Drop Inn Youth Centre Receives £7000 To ‘Develop Volunteer Programme’

Cllr John Owen met founder and director of the Drop Inn Andrea Fox MBE to present her with a cheque for £7000 as part of the Community Priorities Programme.

The Community Priorities Programme was set up to support local communities, tackle inequalities and help residents to build a strong future.

The Drop Inn was chosen by Belper Councillor John Owen to support the development of its volunteering programme so that it is more sustainable and allows the organisation to engage with a broader range of regular volunteers. They want to develop a bespoke volunteering scheme and recruit six core volunteers and six ‘bank’ volunteers.

People will be trained to be able to deal with a range of behaviours.

Councillors representing areas already identified as having a greater need were invited to apply for funding for projects which would benefit the most from financial support.

The £2.3m being used by the fund is one-off money from the Derbyshire County Council’s general reserve fund. All of the projects chosen had to  meet strict criteria.

Photo: John Porter

Speaking about CCP, John Owen praised the work done at the Drop Inn. He said: “It was about finding something suitable and sustainable. We are confident that the Drop Inn, because it has got such a good reputation and record, will be able to fit that criteria.”

“It was important for me to make sure that we had a group that could manage the funding. They will be doing things like supporting volunteers to get to the Drop-Inn centre, allowing for 12 individuals to gain first aid training and assisting 4 individuals to gain safeguarding training.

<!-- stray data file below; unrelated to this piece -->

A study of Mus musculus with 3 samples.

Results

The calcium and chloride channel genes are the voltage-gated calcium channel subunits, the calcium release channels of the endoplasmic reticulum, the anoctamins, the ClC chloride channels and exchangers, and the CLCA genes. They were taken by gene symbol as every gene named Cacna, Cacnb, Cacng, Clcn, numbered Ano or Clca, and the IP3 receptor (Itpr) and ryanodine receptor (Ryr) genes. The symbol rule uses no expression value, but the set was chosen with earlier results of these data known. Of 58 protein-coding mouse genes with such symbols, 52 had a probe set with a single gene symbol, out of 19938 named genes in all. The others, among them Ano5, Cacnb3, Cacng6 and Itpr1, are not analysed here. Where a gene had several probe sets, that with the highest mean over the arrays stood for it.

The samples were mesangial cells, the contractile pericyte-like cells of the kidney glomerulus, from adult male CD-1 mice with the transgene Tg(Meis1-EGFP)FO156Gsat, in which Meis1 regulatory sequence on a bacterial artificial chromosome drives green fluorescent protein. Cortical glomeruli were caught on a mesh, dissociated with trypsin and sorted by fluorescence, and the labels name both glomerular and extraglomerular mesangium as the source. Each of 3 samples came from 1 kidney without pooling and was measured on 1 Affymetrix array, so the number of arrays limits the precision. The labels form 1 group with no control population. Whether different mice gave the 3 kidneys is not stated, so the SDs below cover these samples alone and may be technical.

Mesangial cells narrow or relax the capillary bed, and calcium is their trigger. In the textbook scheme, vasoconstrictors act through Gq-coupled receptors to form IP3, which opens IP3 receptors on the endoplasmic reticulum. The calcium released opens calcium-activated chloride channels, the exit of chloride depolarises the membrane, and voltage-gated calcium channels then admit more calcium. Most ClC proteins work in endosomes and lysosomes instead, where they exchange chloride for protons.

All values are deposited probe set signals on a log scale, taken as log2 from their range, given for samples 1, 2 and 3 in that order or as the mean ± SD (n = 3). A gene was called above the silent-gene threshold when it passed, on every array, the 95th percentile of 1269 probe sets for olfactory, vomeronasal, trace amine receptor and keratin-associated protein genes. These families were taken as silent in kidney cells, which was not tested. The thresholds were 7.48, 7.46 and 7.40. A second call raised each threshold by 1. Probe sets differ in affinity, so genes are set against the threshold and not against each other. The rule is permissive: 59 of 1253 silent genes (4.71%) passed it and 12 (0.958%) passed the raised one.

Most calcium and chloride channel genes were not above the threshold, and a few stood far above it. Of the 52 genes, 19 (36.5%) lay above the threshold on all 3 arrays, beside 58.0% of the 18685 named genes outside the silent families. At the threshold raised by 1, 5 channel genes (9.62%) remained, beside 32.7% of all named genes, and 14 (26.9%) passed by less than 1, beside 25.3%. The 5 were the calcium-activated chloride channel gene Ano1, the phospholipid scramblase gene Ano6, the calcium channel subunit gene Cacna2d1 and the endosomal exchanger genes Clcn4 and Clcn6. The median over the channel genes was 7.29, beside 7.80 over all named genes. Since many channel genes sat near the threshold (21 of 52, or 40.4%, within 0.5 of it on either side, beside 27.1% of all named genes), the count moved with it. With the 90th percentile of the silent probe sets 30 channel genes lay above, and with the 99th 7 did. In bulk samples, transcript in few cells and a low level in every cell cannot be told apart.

The independently run centre caters for young people aged between 12 to 18 – offering them support, entertainment and workshops that run throughout the year. The project was established 17 years ago with the aim of creating a place that young people could meet and call their own.

Andrea Fox spoke about encouraging and assisting volunteers to get to and from the premises, she said: “we have got a lot of people that are interested that are from out of the area and if they are not working and they are volunteering here it’s got to come out of their own pocket.”

“It’s asking too much of them really, so the funding will go towards that and to getting volunteers trained up as well in the right areas.”

Andrea highlighted the difficulties of securing funding, particularly the time it can take to complete applications whilst working as a full time volunteer and worker at the Drop Inn. It is hoped that with an increase in volunteers, additional time will be freed up to secure more funding.

To find out more about the work done at the Drop Inn, visit their site here.